During Mitt Romney’s Senate campaign 17 years ago, the Republican politician was faring quite well against Ted Kennedy, right up until voters started hearing from some of Romney’s victims.
To briefly review, Romney got very rich running a private-equity firm, Bain Capital, which broke up companies and laid off American workers. He had considerable success orchestrating leveraged buyouts, seeking taxpayer subsidies, flipping companies quickly for large profits, and making money for investors, even when the employees of those companies were deemed collateral damage.
In the 1994 campaign, this mattered. Many of Romney’s victims drove to Massachusetts to protest the Republican’s campaign, and Democrats put together a half-dozen ads featuring laid-off workers who said they suffered while Romney lined his pockets at their expense.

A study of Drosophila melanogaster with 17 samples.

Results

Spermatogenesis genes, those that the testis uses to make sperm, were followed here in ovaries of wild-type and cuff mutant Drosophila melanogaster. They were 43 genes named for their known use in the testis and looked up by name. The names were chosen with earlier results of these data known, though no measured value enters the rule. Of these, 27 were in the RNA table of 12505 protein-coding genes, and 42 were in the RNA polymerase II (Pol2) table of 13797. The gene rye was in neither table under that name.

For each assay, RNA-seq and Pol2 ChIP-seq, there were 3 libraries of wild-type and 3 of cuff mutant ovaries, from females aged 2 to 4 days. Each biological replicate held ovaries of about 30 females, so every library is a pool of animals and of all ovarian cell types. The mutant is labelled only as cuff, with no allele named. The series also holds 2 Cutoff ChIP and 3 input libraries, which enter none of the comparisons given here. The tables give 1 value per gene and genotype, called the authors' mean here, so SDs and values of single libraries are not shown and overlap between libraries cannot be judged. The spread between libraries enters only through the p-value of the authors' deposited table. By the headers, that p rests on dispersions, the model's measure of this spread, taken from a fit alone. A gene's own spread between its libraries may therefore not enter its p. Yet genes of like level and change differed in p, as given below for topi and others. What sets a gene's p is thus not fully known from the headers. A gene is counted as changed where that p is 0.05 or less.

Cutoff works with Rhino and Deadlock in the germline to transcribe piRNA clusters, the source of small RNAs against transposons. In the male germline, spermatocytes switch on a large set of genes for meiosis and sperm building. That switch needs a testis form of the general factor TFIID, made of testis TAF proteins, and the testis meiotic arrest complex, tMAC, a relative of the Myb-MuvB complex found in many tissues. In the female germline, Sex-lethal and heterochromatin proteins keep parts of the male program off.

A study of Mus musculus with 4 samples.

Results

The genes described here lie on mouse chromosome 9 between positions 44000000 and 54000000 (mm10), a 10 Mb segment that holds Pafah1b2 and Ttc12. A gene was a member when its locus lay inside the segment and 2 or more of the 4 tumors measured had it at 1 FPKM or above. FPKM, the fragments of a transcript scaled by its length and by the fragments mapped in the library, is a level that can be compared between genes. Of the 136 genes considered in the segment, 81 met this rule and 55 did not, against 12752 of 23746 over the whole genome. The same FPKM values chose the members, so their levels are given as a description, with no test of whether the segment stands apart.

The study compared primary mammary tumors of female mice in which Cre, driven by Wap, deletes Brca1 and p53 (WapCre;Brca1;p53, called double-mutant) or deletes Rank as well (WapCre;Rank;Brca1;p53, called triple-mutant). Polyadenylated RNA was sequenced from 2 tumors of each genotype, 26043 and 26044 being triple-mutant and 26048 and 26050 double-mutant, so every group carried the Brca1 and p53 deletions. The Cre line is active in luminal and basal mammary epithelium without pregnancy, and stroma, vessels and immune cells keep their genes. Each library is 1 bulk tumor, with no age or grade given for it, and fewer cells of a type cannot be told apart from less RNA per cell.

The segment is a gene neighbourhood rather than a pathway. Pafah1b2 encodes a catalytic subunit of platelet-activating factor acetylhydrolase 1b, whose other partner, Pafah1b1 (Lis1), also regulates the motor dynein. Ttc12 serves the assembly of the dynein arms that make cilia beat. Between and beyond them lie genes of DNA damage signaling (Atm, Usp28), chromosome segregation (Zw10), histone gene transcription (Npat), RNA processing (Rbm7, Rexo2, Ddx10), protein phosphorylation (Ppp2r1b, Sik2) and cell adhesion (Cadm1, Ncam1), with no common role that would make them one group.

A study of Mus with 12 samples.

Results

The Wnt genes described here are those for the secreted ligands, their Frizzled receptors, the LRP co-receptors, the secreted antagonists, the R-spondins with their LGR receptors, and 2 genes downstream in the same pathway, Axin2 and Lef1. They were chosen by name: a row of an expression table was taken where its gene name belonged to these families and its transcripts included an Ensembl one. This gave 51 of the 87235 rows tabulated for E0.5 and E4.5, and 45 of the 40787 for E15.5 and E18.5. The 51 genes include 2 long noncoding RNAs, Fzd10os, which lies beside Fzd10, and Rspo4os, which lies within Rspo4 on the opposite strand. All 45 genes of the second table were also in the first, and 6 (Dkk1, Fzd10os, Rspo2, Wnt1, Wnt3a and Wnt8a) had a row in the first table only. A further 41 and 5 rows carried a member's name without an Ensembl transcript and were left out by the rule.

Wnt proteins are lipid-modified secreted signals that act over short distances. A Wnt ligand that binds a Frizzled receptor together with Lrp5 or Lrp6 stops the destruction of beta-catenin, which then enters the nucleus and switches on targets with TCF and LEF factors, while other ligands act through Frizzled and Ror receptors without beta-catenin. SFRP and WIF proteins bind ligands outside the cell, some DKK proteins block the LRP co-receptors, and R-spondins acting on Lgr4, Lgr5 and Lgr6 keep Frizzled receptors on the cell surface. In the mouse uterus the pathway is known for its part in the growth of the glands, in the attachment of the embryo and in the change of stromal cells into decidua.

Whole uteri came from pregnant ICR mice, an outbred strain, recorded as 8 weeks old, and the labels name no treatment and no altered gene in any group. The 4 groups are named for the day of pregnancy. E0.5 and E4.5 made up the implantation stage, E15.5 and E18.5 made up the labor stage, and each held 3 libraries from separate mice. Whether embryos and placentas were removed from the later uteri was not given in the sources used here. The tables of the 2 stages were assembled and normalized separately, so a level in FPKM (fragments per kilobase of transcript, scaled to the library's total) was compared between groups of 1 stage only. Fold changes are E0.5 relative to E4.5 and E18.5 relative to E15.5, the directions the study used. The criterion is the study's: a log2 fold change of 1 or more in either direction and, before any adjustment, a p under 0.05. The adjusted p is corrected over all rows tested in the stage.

It proved effective in 1994, and Dems hope it will work again in 2012.
A former employee of Bain Capital, GOP presidential front-runner Mitt Romney’s former company, said Sunday that Romney’s decisions cost him and many others their jobs.
Randy Johnson said Sunday that the former Massachusetts governor’s decisions as Bain’s CEO put him out of work.
Romney was the chief executive officer of Bain Capital in 1992 when the company purchased American Pad & Paper, or Ampad, and oversaw the management of that company and others.
Ampad went bankrupt in 2000, and investors netted over $100 million from the deal, according to the Boston Globe.
Johnson told reporters yesterday, “I really feel that he didn’t care about the workers. It was all about profit over people.”
For its part, the Romney campaign recently began arguing that critics of Bain Capital’s layoffs are borderline communists, trying to “put free enterprise on trial.”
Between this and Romney’s agenda — take away health care coverage from millions, tax breaks for the wealthy, free reign for Wall Street, more foreclosures — the “man of the people” routine may prove to be a tough sell.